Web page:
Dear readers, this story is one of the very first pieces of fiction I ever tried my hand at writing, and I hope you enjoy it. At the moment, I also have an awful cold and thought reposting something I’d previously written would be the easy way out today. I hope to be right as rain tomorrow, and I will be stopping by your blogs and reading and commenting. In the meantime-my thoughts are with each of you. Valerie xx
She wasn’t happy about it. Not one little bit. She’d yelled at her coat, kicked one of her snow boots. Nevertheless, she’d been elected. Everyone else claimed to have something more important to do. And besides. No one liked making time for Delia. As Lucy drove the unfamiliar roads to her great aunt’s house, the flakes seemed to be getting bigger, and falling harder. Great. Just great. At this rate, I’ll end up getting snowed in at the old bat’s house.
Lucy was momentarily taken aback when Delia answered the door. Her great aunt looked ancient now, but then it had been years since Lucy last saw her. Guilt stabbed her over this neglect, but the moral discomfort vanished when she remembered being here in her childhood. Eat your peas Toots, and when you grow up you’ll have some dangerous curves on you! Look at all those freckles! You’ll have lots of boyfriends, mark my words! Between the cheek pinching and the endless servings of vegetables, Lucy detested every visit. As she stepped into the warmth of her great aunt’s home, she became aware of Delia’s hands fumbling to help her out of her sugar dusted coat. That’s better! I don’t want you to catch a chill! My, but it’s really snowing out there, isn’t it? Delia was shyly attempting small talk, though Lucy’s dry reply was in thought only. Cold, uncaring thought. Well, well, well. The old bird is sharp today. What a treat. Half an hour, and I’m out of here.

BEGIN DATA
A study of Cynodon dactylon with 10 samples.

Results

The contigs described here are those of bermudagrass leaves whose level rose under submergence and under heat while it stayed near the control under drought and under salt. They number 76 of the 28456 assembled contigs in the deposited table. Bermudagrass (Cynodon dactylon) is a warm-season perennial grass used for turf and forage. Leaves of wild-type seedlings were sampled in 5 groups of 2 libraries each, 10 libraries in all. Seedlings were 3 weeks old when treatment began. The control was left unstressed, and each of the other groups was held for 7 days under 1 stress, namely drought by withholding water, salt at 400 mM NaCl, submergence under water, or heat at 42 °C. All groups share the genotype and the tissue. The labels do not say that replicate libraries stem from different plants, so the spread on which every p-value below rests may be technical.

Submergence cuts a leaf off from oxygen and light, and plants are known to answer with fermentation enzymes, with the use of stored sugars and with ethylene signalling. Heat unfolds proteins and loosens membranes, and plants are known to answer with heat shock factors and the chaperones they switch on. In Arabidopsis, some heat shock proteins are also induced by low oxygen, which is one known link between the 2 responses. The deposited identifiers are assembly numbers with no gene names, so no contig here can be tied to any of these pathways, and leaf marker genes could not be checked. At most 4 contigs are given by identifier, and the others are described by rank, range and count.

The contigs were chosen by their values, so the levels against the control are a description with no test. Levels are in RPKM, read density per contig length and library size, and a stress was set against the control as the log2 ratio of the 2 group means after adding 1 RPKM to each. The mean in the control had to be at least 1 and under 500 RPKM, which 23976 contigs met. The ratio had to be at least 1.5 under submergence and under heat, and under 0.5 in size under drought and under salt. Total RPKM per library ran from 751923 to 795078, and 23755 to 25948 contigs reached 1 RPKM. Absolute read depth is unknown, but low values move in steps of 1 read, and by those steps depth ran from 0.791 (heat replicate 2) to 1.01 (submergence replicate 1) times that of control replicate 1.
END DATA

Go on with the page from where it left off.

My stars! How could it have happened so long ago? It seems like only yesterday! I still clearly remember that blizzard-right before Christmas, back in 1946. Delia was reminiscing, staring out the picture window in her front room. The snow, falling like feathery goose down, seemed to have whited out the passage of time as well as the world outside. She’d made steaming mugs of hot cocoa. Trying to be a good hostess as well as a doting great aunt. Lucy held her cup with both hands, secretly trying to glance at her watch. Stifling a yawn, she hoped Delia’s story wouldn't last too long.
The war was finally over and Jack was home. I’d been writing to him for 3 years. I still have his letters. Anyway, he asked me to go for a walk in the snow. We didn't count on being caught in the middle of a major storm. We took refuge in someone’s barn and ended up being stuck in there for hours. There wasn’t much to do but talk and…
Delia blushed, yet there was a sauciness in her eyes.
I let him kiss me. He asked me to marry him. He said we were going to be together for always.
Lucy snapped out of her indifference. Her great aunt was not making any sense. Um, Aunt Delia… I thought Jack never, you know. Don’ t you remember? Jack didn’t come home. She was proud of herself for knowing at least some of the family history, but it also made her wonder whether or not her aunt was playing with a full deck.
Delia stared out the window again, but instead of the soft white clumps of snow, she saw parachutes. White silken clumps. She thought about Jack and how he must have felt high in the sky where it was peaceful, far above the chaos on the ground. She often wondered what had gone through his mind as he landed, his parachute covering him like a blanket of snow-and then a shroud. All in the split second it took fate to play it’s hand. She hoped he’d felt no pain.
Her sigh was barely audible.
I know, Lucy dear, I know. But I don’t like to think about what really happened, so I’ve made up my own memories. And besides, what else have I had all these years but memories. I'm old, and probably not very interesting to any of you. I realize none of you like to visit me, and I’m sorry about that. How did you get stuck with me this time? Are you being punished? Did you lose the coin toss? Delia seemed to wilt.
Lucy was stunned. She hadn’t anticipated this-suddenly finding her heart aching for the old woman-and she wished a silent, desperate wish. Please, please, please, let it keep snowing! She knew, in that instant, that she wanted more time with this aunt she’d been aware of her whole life, but didn’t really know.
Dear precious Delia.
Tell me more about Jack, Auntie. We’ve got all night. I think I’d better stay over. It looks like the storm is getting worse. Where do you keep your candles? Do you have an extra toothbrush? How did you meet Jack, anyway?
A grateful Oh Lucy, and tears. An entire lifetime’s worth of tears, saved for this hoped for moment. Spilling down Delia’s cheeks, as she prepared to answer.